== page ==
Lovers versus loved ones - battles over superannuation
Disputes over superannuation death benefits are on the rise and it’s not surprising. Superannuation often forms a substantial (if not the most substantial) part of a deceased person’s overall wealth, especially if it includes life insurance. What you may not realise is that, unless you take certain steps during your life, your superannuation death benefits will not necessarily be paid to your intended beneficiaries in the event of your death. This can potentially lead to an arduous, costly and drawn-out battle for those left behind.
The romantic relationship between the now retired Victorian Magistrate, Rodney Higgins, and a law clerk 45 years his junior, Ashleigh Petrie, initially made headlines due to the age gap between the couple and Mr Higgins’ high profile occupation. The story took a tragic turn when Ms Petrie later died after being struck by a motor vehicle at the age of 23.
In the wake of Ms Petrie’s death, a dispute ensued over her $180,000 superannuation death benefit held with Rest Superannuation (Rest). Although Ms Petrie had nominated her mother to receive her death benefit, the trustee of Rest instead decided to pay it to Mr Higgins, resulting in a two-year legal tussle between parent and partner for the money. In the past few days, it has been reported that a confidential settlement of the dispute has finally been reached with the parties understood to have agreed to divide Ms Petrie’s death benefit in unknown proportions.
So what led to this dispute and how can you avoid a similar outcome?
Ms Petrie left a nomination in favour of her mother. Although it is not clear from the media reports, it appears that the nomination was invalid if Ms Petrie’s mother was not eligible to receive the death benefit, because she was not Ms Petrie’s superannuation dependant when she died. If that was the case (and due to the type of nomination Ms Petrie made in any event), this enabled Mr Higgins to claim the death benefit in his capacity as Ms Petrie’s spouse.
Under superannuation law (and subject always to the terms of the trust deed governing the superannuation fund in question), your death benefits can only be paid to one or more of your estate (to be dealt with under your Will or under the applicable intestacy rules if you do not have a Will) and/or directly to one or more of your “superannuation dependants”. These include:
If your death benefit nomination names a recipient other than your estate or your superannuation dependant(s), it will be invalid and does not have to be followed by the trustee of your superannuation fund, leaving the trustee free to decide to whom to pay your death benefit. Therefore, if you want your death benefit to pass to someone who is not a superannuation dependant, you will firstly need to direct the trustee to pay it to your estate and secondly provide for your intended beneficiary in your Will. While this will not necessarily prevent a challenge to your Will (a story for another day perhaps), it will get you one step closer to achieving your estate planning objectives and help to prevent a situation where your superannuation fund is left with the choice about where to pay your death benefit.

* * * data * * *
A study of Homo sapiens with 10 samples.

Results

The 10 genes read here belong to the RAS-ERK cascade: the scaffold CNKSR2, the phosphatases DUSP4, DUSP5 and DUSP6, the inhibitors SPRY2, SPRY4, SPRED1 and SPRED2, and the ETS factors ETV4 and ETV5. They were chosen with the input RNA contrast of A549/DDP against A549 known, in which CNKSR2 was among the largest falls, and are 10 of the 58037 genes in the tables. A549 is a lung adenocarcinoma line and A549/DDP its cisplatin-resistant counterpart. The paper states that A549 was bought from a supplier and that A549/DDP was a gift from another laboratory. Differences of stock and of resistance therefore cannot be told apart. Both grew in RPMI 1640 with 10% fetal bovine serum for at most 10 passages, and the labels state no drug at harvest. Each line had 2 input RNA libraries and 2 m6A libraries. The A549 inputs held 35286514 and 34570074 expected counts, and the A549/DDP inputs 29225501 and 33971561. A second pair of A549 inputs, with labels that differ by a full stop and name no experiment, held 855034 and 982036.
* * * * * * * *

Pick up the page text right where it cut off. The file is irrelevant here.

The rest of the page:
Nominating the correct recipient of your death benefit is one thing. Making the correct type of nomination is another. In Ms Petrie’s case, her nomination was non-binding which meant that, even if it was valid, the trustee of Rest did not have to follow it.
In order to compel the trustee to pay your death benefit in accordance with your wishes, you need to make what is known as a Binding Death Benefit Nomination (BDBN). Nominations which are described as “non-binding” or “preferred” or similar are not binding and essentially only express your wishes, which the trustee can choose to disregard. Only a valid and effective BDBN will compel the payment of your death benefit to your chosen recipient(s).
It is also important to be aware that unless your superannuation fund presently allows you to make a “non-lapsing BDBN” (which means it can continue in force until you die), many superannuation funds (particularly retail and industry funds) only allow their members to make lapsing nominations (whether binding or not) which continue in force for a maximum of three years and then “lapse” (that is, expire). If that happens, the nomination ceases to be binding and merely becomes indicative of your wishes meaning it’s back to square one. It is therefore important to ensure that lapsing BDBNs are periodically renewed or updated. An alternative option is to move your superannuation to a fund that will allow you to make a non-lapsing BDBN or, in some cases, to set up a self-managed superannuation fund.
A final point to be mindful of is that different, and often significant, tax consequences can apply depending on who ultimately receives your death benefit. It is important to be aware of those consequences as they may be relevant to your decision about who should receive your death benefit.
Failing to leave a valid and effective BDBN can be disastrous for those left behind. Disputes over superannuation are only set to increase. Don’t be one of the statistics. Take the time to learn about your own superannuation death benefit arrangements and to formulate a suitable estate plan for your personal circumstances.
If you would like advice regarding a dispute concerning a superannuation death benefit or with making a BDBN, please contact our experienced Estates and Succession team.